Words by Rachel Surgeoner
Let’s start by explaining what a ‘Hotel Lab’ is: Imagine a test-kitchen for new ideas and formulas in the hospitality business. For hotels to stay ahead of the curve and respond to customer needs, they need to push the envelope and trial new innovations with their guests in mind. This means testing in real-time, where hotel groups can better understand their customer, tailor needs for different cultures and adopt travel trends from around the world.
A Hotel Lab still looks and feels like a hotel for all intensive purposes, but behind the scenes it’s about redesigning and reinventing the hotel experience so that hotels of the future will be social, seamless and connected.
The Hyatt group is testing mobile tools in their hotel labs in cities in the US as well as Delhi, Hong Kong and London. These tools will allow staff (rather ‘associates’) to become ‘hosts’, allowing them to move around the lobby and interact with hotel guests. They can swipe a credit card from an iOS-based iPAd application then take bags, offer refreshments and escort guests to their room – the ‘host’ acting as a doorman, concierge, front of house and bell attendant all in one. Seamless.
From innovations around smart phone check-in services, sleeping pods for early arrivals, apps and more intuitive living spaces, the hotel of the future isn’t about removing the check-in desk all together; in fact, it’s about offering a more human, face-to-face experience as front desk attendants and concierges become untethered from sterile check in counters.
The Hyatt Regency O’Hare in Chicago goes one step further: with mobile hosts stationed at the airport shuttle centre. Greeting guests, checking in them and issuing keys – not only do guests feel like VIPs, the staff help negate check-in lines at the hotel.
At the Wyndham Grand Orlando Hotel in Florida they’re keeping on-trend with innovations in the latest culinary technologies using liquid nitrogen and Pacojets that create ‘micro-purees’.
Until recently, a chain hotel’s goal was to deliver a consistent level of service across the board, now it’s more about tailoring needs and looking for new ways to stand out.
The millennial generation are the driving force behind these changes. Marriott Hotels SVP of Architecture and Construction Karim Khalifa says, “Our new hotels have removed the desk to make more room. We think we were the first to put desks in for people who wanted to work on their laptops when they travel, and now we’re the first ones to remove them. Instead we’re now offering a working service that can float around the room”.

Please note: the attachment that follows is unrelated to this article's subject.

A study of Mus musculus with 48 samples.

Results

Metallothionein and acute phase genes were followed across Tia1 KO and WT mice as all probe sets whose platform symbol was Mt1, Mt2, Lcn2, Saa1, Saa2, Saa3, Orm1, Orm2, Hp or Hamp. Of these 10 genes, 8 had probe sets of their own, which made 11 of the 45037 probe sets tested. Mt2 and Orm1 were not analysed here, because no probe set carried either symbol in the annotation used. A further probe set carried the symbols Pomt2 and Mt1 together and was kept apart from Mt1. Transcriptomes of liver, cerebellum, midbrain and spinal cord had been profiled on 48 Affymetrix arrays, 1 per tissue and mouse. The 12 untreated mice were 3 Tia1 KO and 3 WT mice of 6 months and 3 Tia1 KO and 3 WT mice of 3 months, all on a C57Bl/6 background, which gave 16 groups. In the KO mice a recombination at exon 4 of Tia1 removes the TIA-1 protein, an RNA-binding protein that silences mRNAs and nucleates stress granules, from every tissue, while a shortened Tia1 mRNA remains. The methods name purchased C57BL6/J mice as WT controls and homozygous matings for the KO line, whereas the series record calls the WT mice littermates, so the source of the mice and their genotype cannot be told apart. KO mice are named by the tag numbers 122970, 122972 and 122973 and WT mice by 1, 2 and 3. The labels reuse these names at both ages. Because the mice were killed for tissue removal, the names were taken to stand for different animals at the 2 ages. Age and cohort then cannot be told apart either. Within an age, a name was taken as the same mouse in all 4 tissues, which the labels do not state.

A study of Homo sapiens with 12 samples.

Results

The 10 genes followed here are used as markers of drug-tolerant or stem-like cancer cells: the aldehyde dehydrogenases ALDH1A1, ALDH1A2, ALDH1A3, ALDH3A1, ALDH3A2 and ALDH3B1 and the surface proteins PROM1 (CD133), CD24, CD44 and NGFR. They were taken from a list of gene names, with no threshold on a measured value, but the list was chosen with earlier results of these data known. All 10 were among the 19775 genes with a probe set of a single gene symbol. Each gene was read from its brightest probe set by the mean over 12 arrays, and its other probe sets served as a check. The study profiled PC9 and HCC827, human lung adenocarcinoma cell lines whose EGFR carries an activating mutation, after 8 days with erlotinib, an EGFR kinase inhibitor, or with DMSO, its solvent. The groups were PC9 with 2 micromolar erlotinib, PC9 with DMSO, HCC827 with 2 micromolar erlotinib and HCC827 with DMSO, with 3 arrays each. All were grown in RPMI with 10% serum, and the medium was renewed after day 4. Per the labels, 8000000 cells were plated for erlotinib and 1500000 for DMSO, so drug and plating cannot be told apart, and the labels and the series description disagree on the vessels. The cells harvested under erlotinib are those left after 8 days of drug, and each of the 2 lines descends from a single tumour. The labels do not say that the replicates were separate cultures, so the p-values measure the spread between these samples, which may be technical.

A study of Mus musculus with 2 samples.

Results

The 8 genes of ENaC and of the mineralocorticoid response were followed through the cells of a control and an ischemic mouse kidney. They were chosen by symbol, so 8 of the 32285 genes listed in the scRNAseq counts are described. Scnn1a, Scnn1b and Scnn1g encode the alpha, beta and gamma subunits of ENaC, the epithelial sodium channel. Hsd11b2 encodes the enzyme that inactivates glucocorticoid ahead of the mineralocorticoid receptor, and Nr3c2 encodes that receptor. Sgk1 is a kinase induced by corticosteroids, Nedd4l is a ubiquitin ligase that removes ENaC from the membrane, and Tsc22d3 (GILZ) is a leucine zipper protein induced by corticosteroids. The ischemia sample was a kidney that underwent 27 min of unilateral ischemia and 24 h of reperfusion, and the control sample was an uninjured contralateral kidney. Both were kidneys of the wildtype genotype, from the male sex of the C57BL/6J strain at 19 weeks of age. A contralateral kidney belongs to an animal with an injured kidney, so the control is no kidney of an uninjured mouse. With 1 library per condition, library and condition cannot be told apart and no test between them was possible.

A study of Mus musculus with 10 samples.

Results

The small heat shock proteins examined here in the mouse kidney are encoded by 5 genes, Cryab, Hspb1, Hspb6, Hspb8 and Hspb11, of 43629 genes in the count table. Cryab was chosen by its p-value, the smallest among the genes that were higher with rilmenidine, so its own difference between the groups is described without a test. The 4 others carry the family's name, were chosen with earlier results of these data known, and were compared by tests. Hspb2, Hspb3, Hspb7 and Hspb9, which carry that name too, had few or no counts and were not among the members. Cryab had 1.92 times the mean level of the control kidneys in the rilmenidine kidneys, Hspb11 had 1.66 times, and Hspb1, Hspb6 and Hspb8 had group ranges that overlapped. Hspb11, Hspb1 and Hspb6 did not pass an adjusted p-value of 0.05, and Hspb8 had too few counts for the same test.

If Sir Richard Branson is getting in on the trend, it must be a winner. A test-run of sorts, Branson launched the very first Virgin Hotel this year in Chicago. The entrepreneur sees room for improvement in the hospitality industry, with the frame of mind that a hotel done right offers one thing Airbnb can’t: face-to-face contact with other business travellers. Virgin Hotel’s ‘Commons Club’ restaurant lounge offers guests a social space to hold business meetings.
Branson’s hotel is kitted out with free Wi-Fi and seemingly endless electricity outlets. In the true spirit of the brand, the hotel also encourages a work-life balance – AKA business travellers can sip on cocktails and listen to live music in the hotel in their downtime. The hotel’s bathroom and closet spaces are geared towards a growing segment of female business travellers, featuring decent hair dryers and a leg shaving bench in the shower. The vision behind the hotel is one akin to the likes of the luxury Soho House group, but without the elitism and expensive membership costs.
In keeping with Marriot’s lead, Branson’s hotel has also done away with the in-room desk. According to Virgin research, business travellers are now more likely to spend time working in bed than on a desk, so the team created a speciality bed design that aids working from bed. The Virgin Hotel bed features a headboard designed with plush, lower lumbar support, so you can work against it with a laptop and a corner feature that doubles as a bucket seat.
With more and more hotel labs sprouting up from a number of leading hoteliers, you’ll soon see the roll out of these field tests in hotels across the world. You might not notice the differences immediately; they might be as discreet as rounded bed corners to prevent you copping a bruise or the ease of finding an electricity outlet closer to the bed, but these innovations, big or small, are helping make your stay all the more seamless.